Tabitha Asks: Is there a difference between adding oil and adding moisture to the skin? This is usually a line used by those same sales people, who explain that dry skin needs a product that will add oil, but normal skin needs a product that adds *moisture*, NOT oil. A product that adds oil is easy enough to comprehend, but how do you add moisture? Won’t the water just evaporate without something (like an oil) to ‘seal’ it in?
The Right Brain Replies:
We love it when the readers answer their own questions!
Water and oil
Tabitha is right, pure moisture (which is just WATER!) will evaporate from the surface of the skin very quickly. Dry skin needs to be occluded, which means it needs something to prevent water from evaporating from the deeper, moist layers of the skin. Oily materials are very good at sealing moisture in the skin. That’s why you see things like petrolatum, lanolin, and mineral oil in most moistuirizers. All skin types need some degree of “oily” materials.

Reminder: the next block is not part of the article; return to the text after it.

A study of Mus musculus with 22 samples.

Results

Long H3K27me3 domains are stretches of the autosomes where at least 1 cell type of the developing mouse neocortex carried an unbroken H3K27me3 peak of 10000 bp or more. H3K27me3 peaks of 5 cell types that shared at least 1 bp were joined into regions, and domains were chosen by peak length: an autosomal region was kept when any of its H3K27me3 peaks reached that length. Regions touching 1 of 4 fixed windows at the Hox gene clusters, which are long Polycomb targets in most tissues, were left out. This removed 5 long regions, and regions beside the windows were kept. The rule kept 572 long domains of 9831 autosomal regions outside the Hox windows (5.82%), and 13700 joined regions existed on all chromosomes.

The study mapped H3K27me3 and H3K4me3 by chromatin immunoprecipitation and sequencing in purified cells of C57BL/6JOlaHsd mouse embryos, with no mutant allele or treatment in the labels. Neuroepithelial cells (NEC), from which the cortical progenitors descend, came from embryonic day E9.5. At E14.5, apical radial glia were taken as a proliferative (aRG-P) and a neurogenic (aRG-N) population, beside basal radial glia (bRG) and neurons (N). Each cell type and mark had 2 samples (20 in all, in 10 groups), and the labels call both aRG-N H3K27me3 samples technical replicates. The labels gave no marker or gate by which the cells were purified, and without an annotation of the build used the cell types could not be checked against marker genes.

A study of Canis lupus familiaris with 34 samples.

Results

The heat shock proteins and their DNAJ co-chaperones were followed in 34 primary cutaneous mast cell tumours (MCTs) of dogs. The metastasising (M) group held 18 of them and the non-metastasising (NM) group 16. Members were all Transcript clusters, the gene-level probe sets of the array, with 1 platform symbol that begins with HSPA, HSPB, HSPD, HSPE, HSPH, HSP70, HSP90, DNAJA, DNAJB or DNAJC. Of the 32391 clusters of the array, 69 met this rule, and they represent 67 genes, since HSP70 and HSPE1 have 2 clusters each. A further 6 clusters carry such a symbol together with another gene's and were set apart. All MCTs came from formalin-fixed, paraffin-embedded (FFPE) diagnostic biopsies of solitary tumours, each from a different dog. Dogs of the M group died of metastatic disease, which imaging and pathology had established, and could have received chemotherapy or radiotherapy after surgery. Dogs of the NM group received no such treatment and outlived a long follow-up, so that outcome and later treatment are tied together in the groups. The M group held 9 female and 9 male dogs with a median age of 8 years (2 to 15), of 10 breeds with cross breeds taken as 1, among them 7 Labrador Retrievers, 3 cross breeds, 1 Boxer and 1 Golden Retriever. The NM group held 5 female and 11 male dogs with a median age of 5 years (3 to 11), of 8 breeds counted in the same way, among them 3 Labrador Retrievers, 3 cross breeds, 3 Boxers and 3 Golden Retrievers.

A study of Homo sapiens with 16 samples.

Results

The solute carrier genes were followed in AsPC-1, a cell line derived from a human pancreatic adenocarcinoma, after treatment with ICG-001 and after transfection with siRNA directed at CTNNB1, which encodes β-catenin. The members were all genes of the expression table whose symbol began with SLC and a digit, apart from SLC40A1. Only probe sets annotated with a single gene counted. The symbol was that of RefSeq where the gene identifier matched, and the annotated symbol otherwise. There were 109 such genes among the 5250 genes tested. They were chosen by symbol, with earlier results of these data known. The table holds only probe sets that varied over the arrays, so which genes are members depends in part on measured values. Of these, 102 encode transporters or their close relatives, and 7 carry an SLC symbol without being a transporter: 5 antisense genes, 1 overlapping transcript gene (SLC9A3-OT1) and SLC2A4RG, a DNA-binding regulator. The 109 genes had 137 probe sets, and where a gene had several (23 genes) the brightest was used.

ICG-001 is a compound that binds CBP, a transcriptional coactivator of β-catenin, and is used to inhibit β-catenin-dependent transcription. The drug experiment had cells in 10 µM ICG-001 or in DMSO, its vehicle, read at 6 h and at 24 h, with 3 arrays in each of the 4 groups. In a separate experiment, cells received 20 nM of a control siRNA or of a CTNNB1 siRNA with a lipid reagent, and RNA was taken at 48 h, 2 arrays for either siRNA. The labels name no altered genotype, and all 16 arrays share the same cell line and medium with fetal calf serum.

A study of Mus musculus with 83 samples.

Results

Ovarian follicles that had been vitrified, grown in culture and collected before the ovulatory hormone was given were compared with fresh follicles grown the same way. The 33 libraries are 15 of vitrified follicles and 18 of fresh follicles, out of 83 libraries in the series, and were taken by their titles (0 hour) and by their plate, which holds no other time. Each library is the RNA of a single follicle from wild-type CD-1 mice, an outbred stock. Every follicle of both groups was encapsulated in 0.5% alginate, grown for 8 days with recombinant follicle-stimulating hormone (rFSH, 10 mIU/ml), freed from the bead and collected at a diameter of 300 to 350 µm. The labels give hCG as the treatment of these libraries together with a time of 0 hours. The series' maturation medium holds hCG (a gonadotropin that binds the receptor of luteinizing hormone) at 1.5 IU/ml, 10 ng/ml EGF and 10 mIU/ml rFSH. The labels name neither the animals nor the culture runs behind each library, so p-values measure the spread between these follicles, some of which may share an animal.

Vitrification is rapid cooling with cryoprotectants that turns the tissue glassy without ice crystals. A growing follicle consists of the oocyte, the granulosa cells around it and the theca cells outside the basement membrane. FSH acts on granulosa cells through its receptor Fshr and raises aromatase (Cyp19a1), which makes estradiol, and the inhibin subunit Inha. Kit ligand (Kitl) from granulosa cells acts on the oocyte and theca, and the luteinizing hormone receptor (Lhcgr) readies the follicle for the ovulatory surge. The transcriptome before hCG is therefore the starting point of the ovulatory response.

Now, having said that, if you have very oily skin you don’t want a moisturizer that has a lot of heavy oils. And similarly, if you have dry skin, you don’t want a moisturizer that doesn’t have enough heavy oils. Finding the balance or your skin type is the trick.
How about humectants?
Oh, there is another option: some moisturizing ingredients known as a humectants are not oils and they work by attracting mosture from the air. Glycerine is an example of this kind of ingredient. However, we’re not aware of any lotions that ONLY use glycerine because a blend of humectants and oils is usually best.
The Brains Bottom Line:
Skin needs oil AND moisture to survive!